Cheering Their Victories
From July 28, 2000 Hampshire Life Magazine
Recently diagnosed with Hodgkin’s Disease, longtime sports fan Casey Kane takes a new look at superstars – and cancer survivors – Lance Armstrong and Andres Galarraga.
By Casey Kane
I grew up a sports fan. Like my friends, I watched baseball and football, basketball and the occasional hockey game. But in my household, we also followed track and field, triathlons and bicycling races, like the Tour de France.
Last year, I watched with awe highlights of the Tour, one of the toughest sporting events a man can endure. And with patriotic pride and dumbfounded amazement, I cheered Lance Armstrong's victory, not only over the field of elite athletes and the grueling course, but over the cancer that had nearly cost him his life.
Armstrong, only the second American to ever win the Tour, was 25 when he was diagnosed with testicular cancer which had spread to his brain. He battled back to race again at the elite level. Race and win. Win the biggest challenge his sport offers, with the cheers of millions, myself included, behind him.
This year, I am cheering even harder.
In January, I was diagnosed with cancer. I am 24 years old. I am nowhere close to being an elite athlete - although I swam for eight years with the Holyoke YMCA, and participated in swimming, field hockey and tennis while in high school - but I had a life that was forever changed in one moment.
I have Hodgkin's disease, a lymphoma that commonly attacks younger victims without rhyme or reason. The survival rate is high, but the fear that accompanies every other type of the disease comes along with Hodgkin's as well.
I feel a special connection to Armstrong, because of my cancer. He is an inspiration. So too, is Andres Galarraga, the Atlanta Braves All-Star first baseman who returned to baseball this season after taking last year off to battle the non-Hodgkin's lymphoma he was diagnosed with in the spring.
I now live in the South, and have attended several Braves games this season. Every time Galarraga steps into the batter's box, I am on my feet.
It's not hard to explain why I feel so strongly now about two men whose lives I paid minimal attention to until recently. It's because I have been where they have been. They have had to tell loved ones about their diseases, as I have. They have struggled to say the C-word out loud, as I did when I choked out the words to my parents while I lay in a hospital bed 1,000 miles from them.
They have been through surgeries, chemotherapy and radiation. They have lost weight, muscle, hair and - perhaps for fleeting moments - hope. I did.
I sat in the quiet still of my hospital room, in between interruptions by nurses who needed to check my temperature and blood pressure and draw blood, and I cried. I questioned what I had done to deserve this fate. I asked why. And for at least a few moments, I lost hope.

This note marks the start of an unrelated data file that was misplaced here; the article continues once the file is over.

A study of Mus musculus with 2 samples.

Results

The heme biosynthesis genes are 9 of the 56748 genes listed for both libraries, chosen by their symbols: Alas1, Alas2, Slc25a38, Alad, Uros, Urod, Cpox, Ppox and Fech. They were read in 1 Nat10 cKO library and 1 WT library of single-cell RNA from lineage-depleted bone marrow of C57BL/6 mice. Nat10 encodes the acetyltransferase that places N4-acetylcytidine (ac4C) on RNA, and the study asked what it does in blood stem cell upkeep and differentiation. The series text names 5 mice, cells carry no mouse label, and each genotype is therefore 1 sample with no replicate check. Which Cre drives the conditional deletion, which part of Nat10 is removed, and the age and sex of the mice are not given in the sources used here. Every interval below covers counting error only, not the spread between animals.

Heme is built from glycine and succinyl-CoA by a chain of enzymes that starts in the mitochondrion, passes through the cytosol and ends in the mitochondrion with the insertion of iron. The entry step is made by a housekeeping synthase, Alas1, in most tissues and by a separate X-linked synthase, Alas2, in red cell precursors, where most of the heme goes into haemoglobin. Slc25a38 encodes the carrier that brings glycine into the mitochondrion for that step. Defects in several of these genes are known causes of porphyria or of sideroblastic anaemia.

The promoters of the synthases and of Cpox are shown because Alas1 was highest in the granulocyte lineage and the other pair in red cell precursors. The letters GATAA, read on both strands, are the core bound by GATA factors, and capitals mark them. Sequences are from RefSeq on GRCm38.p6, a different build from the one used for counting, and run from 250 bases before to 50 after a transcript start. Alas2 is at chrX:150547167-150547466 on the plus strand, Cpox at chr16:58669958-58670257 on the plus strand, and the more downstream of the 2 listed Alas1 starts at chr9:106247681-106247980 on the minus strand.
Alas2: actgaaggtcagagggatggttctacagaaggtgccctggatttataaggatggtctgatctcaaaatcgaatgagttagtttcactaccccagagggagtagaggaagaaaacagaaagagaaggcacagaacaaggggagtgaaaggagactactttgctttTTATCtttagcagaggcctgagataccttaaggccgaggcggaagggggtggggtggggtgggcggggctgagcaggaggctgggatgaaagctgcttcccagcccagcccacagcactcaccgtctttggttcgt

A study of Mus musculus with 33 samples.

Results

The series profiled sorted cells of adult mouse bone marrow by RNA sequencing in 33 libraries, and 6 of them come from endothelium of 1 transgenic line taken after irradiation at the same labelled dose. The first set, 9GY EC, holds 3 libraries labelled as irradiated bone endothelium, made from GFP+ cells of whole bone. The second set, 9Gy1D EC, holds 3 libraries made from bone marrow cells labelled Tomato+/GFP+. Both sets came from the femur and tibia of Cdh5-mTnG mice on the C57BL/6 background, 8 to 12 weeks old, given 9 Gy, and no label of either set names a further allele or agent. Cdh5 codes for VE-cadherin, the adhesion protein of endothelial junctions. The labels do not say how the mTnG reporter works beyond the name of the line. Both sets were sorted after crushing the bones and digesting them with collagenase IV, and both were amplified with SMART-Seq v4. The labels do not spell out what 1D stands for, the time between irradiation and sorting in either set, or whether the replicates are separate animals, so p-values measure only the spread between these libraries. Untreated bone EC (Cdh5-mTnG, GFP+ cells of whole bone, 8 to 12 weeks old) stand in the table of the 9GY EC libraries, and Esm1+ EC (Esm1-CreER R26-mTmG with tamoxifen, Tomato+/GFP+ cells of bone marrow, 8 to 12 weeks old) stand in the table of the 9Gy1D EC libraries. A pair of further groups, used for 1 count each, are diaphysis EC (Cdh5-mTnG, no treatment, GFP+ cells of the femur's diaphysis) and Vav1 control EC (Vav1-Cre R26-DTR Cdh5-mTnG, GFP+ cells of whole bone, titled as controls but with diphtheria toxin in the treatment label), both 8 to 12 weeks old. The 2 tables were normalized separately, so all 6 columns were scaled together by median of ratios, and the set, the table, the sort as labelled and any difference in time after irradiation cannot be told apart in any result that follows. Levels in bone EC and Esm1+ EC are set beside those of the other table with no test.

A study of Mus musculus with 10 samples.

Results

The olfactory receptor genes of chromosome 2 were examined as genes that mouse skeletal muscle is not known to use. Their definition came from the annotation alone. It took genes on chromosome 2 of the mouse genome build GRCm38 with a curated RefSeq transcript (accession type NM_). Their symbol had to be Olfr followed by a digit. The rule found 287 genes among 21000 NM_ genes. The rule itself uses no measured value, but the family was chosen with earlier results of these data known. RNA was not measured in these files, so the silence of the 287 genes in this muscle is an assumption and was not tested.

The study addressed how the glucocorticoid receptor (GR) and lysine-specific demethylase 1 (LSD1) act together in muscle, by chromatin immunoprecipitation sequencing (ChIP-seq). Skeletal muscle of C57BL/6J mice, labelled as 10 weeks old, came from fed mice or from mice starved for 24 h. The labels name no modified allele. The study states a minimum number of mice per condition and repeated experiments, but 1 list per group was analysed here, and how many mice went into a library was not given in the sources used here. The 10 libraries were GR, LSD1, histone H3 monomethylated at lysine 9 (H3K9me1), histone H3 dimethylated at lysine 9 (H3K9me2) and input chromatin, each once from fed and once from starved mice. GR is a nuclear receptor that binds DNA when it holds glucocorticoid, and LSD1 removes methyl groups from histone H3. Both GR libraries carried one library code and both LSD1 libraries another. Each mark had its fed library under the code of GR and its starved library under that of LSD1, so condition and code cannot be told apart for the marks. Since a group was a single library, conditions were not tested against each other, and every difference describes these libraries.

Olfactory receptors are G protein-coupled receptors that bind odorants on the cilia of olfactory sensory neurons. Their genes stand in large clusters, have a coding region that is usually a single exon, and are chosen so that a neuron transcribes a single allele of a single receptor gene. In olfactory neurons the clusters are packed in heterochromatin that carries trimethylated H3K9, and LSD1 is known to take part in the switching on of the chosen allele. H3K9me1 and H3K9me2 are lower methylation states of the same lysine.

But I found it again in these two men and other athletes, like Mario Lemieux, the Pittsburgh Penguins hockey great, and Olympic wrestler Jeff Blatnik, who both had the same disease I am now fighting. I had read the news stories about Lemieux as he was battling cancer simply because tales of tragedy and triumph are so interesting. Blatnik wrote me a letter of encouragement soon after I started my chemotherapy.
I have found hope in other places, too, in people like Dave McGrath, a friend who survived cancer himself and sent me a note to boost my spirits. I have also saved every get-well card I received, and taped them up throughout my apartment. Whenever I feel depressed or in despair, I read the messages people have written me to help me through the tough times. The stories of the athletes who have triumphed over Hodgkin's disease and the irrepressible concern that so many people have shown for me have been great inspirations.
I am in the homestretch of my chemotherapy. I have survived the nausea, the vomiting, the fatigue and the horrible weight loss that comes with cancer. I have survived the nausea and the vomiting and the hopeless feeling of weakness that comes with each round of chemo.
My body feels almost normal again, since I have gained my weight back. My hair, once past my shoulders, is now long enough to merit use of a brush again. And I have survived the shudders of self-consciousness I felt back when I lost my hair (my father, two brothers and boyfriend helped with that by shaving their heads in solidarity when my hair started to fall out).
I will survive whatever my impending radiation treatment throws at me. And I will continue to cheer, for Lance Armstrong, for Andres Galarraga.
Casey Kane, a former Gazette intern and a native of Holyoke, is a sportswriter at the Anderson Independent-Mail in Anderson, S.C.